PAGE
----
From rapidly shifting geopolitical and economic activity to ever-tightening regulations and increasing risk, corporate treasury functions face constant change.
The past six months alone have brought a series of shake-ups as the United Kingdom continues its plans to leave the European Union, tax reforms and trade negotiations reshape industries, and new mandates strengthen markets in China, India, and Indonesia.
Confronted by unrelenting uncertainty and complexity, treasury teams are beginning to think differently about their organizational models and processes. According to the 2018-2019 joint study, “Journeys to Treasury,” from BNP Paribas, the European Association of Corporate Treasuries, PwC, and SAP, “Treasury resources are limited, while increasing scale and complexity mean that it becomes impossible to process information and transactions without the help of technology.”
In essence, corporate treasurers are approaching a critical flashpoint as they head into 2019, where digitalization is the rule, not a discretionary option.
Intelligent Treasury: No Longer a Futurists’ Dream
Many corporate treasury leaders make digital investments through a carefully orchestrated journey of sifting through a barrage of technology innovations, business trends, and cosmetic interfaces. They rely on business experts, both internal and external, to learn which disruptions lie ahead, what changes can prove transformational, and how their decision can bring the most significant impact. Most importantly, treasury executives seek new ways to improve how the entire business gets work done, maximizes performance, and delivers groundbreaking, competitive advantage.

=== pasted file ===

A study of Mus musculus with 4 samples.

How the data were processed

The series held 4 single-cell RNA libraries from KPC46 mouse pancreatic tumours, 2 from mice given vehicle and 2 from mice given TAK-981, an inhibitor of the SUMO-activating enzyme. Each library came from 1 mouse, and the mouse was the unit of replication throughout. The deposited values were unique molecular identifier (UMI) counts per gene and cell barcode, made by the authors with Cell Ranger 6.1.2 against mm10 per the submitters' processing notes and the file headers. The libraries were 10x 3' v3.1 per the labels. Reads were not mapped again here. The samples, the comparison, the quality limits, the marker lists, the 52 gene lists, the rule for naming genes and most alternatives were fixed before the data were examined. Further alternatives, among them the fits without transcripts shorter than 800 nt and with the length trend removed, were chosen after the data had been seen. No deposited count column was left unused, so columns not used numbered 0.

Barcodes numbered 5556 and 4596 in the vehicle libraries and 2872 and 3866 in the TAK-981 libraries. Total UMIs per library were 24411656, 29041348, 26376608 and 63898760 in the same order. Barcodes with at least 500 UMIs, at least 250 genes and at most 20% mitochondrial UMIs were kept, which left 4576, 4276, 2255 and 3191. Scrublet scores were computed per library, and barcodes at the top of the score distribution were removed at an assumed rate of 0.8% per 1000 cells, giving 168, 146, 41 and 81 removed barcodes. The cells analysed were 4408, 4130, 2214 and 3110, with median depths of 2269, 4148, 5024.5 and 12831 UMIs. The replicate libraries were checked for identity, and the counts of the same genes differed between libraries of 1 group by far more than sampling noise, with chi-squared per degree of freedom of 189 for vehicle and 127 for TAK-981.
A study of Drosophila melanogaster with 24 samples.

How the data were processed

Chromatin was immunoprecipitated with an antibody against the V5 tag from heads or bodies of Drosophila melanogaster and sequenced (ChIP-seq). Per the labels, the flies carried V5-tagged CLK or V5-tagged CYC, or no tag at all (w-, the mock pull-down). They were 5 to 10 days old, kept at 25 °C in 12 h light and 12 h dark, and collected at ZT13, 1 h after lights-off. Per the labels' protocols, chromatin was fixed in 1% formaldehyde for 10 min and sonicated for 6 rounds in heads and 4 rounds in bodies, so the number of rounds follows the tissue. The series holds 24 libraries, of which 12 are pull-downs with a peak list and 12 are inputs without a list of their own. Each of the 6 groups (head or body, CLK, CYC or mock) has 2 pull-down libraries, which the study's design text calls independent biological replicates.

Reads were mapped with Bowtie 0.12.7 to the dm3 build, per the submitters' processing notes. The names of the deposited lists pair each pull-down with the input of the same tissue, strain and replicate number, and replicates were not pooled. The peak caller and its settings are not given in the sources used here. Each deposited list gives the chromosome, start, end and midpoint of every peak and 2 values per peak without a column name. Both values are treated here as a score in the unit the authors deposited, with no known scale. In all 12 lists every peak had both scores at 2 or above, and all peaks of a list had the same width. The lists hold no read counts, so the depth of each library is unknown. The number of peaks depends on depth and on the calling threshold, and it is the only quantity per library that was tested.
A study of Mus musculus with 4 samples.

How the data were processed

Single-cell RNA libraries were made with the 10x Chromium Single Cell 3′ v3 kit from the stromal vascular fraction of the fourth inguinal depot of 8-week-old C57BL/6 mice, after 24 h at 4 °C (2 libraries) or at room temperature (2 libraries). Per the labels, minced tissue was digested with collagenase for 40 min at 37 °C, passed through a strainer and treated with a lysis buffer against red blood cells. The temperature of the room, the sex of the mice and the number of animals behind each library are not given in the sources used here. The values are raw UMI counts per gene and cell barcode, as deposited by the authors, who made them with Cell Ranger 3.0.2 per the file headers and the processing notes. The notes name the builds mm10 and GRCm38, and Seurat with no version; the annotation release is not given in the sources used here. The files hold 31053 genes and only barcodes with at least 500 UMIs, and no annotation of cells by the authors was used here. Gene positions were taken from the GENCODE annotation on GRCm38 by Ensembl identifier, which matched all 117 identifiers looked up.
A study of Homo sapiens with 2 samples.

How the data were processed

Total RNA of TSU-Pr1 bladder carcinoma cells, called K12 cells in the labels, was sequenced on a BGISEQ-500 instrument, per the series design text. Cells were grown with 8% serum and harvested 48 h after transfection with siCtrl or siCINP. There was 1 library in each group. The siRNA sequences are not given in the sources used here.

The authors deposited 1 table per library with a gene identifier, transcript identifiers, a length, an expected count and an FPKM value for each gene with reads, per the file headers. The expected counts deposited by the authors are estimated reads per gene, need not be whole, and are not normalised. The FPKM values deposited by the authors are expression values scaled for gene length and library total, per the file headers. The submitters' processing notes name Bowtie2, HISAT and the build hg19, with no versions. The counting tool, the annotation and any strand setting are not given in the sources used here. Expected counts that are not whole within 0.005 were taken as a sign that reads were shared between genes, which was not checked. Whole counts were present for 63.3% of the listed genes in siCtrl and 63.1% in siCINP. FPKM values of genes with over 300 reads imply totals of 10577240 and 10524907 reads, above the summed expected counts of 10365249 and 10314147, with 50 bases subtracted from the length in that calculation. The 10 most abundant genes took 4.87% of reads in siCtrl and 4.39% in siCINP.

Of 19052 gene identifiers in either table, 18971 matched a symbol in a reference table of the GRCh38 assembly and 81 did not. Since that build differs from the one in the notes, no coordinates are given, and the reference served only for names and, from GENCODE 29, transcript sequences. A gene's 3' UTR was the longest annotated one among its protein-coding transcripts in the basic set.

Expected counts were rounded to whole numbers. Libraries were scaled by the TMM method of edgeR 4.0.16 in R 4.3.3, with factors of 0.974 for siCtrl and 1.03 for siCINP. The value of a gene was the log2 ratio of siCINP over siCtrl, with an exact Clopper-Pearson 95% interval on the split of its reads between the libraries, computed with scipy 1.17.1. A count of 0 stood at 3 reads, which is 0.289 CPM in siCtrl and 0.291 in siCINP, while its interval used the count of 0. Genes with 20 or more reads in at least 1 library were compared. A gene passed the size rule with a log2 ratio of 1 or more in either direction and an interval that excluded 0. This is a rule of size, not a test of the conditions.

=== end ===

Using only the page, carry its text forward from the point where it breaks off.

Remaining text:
Enhancing data quality and use are still critical capabilities for treasury to deliver better analysis and insights. However, automation is increasingly being adopted to handle time-consuming, error-sensitive tasks while staffing in most treasury departments becomes leaner, and they take on more strategic roles. And this is only one step in a long line of evolution for the treasury organization.
The joint study, for example, predicts that treasury departments will likely advance their digital capabilities to include machine learning. Doing so can help them augment, process, and reconcile data in real time; elevate the precision of predictive analysis; and accelerate decision-making that considers multiple perspectives of a problem. Over time, treasury management will then implement more intelligent innovations – such as blockchain, digital assistants, instant payments, and robotics – and integrate them into existing processes, from regulatory compliance and reporting to payment and settlement processing.
Change in the Core Foundation is the First Challenge
The more intelligent technologies mature and grow more powerful, the pace of change will continue to accelerate. To keep up, corporate treasury organizations should establish a foundational digital core to ensure that their technology investments deliver on their promises and full potential.
Serving as the nerve center of the entire business, the digital core — typically an intelligent, next-generation ERP suite — consolidates internal and external elements into a single, living structure that goes beyond traditional ERP systems. It connects all processes, provides live information and insights, and seamlessly integrates the entire business into a single, coordinated, and agile network.
By combining the core capabilities of all data, processes, and intelligent technologies into a single centralized source, treasury organizations can go beyond traditional transactions. Besides gaining a common view of cash flow and budgets and automating processing, they enable every line of business to evaluate financial implications with the accuracy necessary to make sound strategic choices quickly.